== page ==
Wednesday, June 25, 2008

Hal Ashby

Hal Ashby was a versatile director dabbling in different genres but he proved to be a great comedic director with movies like Harold and Maude, The Landlord, The Last Detail, and Being There, which I have to add, is my favorite of his movies and I highly recommend this to anyone.
His directing career started at age 40 so his body of work is relatively small. He is little remembered today despite being one of the most prolific and successful filmmakers of the 1970s. Unlike most of his contemporaries, he did not have official film training; the editing room was his film school, which he stumbled into almost by accident. According to is career in films came about in a combination of fate, luck, and being in the right place at the right time; ironically these elements of chance often occur to the characters in his films.
At the age of 19, he left his hometown of Ogden, UT to find a job in California. He landed a job at Universal in the mailroom but within a few years he became an apprentice of an editor until he became a full-fledged editor himself. Ashby thought of the editing room as “the perfect place to examine everything. [It] is channeled down into that strip of film, from the writing to how it’s staged, to the director and the actors.” In his collaboration with director Norman Jewison, he received recognition as an editor and won a Best Editing Oscar for In the Heat of the Night (1967). Jewison also recommended him to direct The Landlord, his directorial debut. The film had a modest budget and, despite good critical reviews, went relatively unnoticed on its release in 1970. But The Landlord signaled that a new directorial talent with a flair for black comedy had arrived on the scene.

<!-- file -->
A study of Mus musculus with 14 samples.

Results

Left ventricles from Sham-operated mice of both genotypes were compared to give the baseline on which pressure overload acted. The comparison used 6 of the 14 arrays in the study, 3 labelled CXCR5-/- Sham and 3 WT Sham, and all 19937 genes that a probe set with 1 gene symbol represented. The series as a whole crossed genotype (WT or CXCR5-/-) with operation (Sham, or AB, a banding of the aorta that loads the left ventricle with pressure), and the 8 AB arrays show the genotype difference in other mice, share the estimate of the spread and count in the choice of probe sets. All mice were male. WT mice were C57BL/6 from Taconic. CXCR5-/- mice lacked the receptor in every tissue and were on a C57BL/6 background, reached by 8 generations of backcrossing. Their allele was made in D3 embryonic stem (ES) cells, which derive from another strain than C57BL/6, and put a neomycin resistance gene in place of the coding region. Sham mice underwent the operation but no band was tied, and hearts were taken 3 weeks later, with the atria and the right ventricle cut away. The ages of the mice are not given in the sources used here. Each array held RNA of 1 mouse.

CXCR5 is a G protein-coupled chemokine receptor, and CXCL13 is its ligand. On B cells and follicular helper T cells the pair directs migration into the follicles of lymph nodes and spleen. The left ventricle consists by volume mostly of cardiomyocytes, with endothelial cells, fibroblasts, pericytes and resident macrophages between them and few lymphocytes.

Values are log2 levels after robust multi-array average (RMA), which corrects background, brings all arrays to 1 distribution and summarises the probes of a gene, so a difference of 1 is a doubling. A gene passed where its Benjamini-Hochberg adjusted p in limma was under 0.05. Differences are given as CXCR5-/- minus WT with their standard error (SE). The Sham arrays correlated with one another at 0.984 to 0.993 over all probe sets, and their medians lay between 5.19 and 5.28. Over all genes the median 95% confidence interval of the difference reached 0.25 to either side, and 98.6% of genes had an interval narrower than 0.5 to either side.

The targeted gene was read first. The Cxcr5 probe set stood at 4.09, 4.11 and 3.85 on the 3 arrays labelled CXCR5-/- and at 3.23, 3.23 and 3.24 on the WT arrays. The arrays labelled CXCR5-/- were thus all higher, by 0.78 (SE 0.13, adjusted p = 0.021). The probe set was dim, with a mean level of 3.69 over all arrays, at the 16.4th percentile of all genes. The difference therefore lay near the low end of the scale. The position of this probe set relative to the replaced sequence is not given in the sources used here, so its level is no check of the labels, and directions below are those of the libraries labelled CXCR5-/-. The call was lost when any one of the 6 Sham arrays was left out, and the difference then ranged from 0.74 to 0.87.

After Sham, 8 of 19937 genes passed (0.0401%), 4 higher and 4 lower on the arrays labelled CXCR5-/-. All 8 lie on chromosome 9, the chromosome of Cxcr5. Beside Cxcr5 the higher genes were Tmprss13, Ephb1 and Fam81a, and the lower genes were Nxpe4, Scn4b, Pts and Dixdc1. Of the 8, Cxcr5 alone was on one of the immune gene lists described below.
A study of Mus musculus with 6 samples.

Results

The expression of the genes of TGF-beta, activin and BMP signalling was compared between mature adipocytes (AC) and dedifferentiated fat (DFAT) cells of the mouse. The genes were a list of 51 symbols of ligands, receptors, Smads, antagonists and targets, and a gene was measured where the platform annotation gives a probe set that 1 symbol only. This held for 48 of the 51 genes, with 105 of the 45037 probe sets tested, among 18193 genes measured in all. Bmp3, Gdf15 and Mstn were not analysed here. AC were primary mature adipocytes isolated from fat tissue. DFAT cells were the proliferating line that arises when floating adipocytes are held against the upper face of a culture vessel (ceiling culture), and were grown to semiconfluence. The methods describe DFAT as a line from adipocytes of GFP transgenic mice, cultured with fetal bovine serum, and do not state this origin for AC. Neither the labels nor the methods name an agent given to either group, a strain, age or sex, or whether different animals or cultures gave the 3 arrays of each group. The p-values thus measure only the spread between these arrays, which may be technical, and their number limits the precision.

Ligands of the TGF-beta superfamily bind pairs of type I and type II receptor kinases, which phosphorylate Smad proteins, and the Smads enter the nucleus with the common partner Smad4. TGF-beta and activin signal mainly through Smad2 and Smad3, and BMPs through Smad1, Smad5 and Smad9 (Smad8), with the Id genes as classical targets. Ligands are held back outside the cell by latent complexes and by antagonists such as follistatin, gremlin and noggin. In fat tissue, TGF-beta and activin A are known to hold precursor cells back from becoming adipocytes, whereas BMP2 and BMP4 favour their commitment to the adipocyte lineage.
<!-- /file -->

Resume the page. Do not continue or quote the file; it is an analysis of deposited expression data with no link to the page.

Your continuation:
He proved his flair for black comedy with his second film Harold and Maude, a style that would dominate throughout his films. The film didn’t receive commercial success but it quickly acquired cult status. It’s about a 20 yr-old Harold who learns to love life through his encounter with an eccentric senior citizen whom he eventually falls in love with. One Rotten Tomatoes reviewer said it was “the epitome of a film that you can’t believe you’re laughing at, but you are. A lot. It hurts. In a good way.”
After a series of well-received films, critics didn’t think he had a specific style that was consistent through his filmography, which is to say he was not considered an “auteur”. His final great film, Being There, was a great success but it was a challenge to keep the absurd premise for two hours without allowing it to slip into farce. Unfortunately, after Being There Ashby’s career began a downward spiral from which it never recovered. His abusive use of drugs affected his work. He spent too much time in post-production and was forced from his position to be given to someone else to actually get something done. He died in 1988, according to his obituary, and doesn’t receive the credit as directors like Coppola and Altman get, but he certainly left a legacy.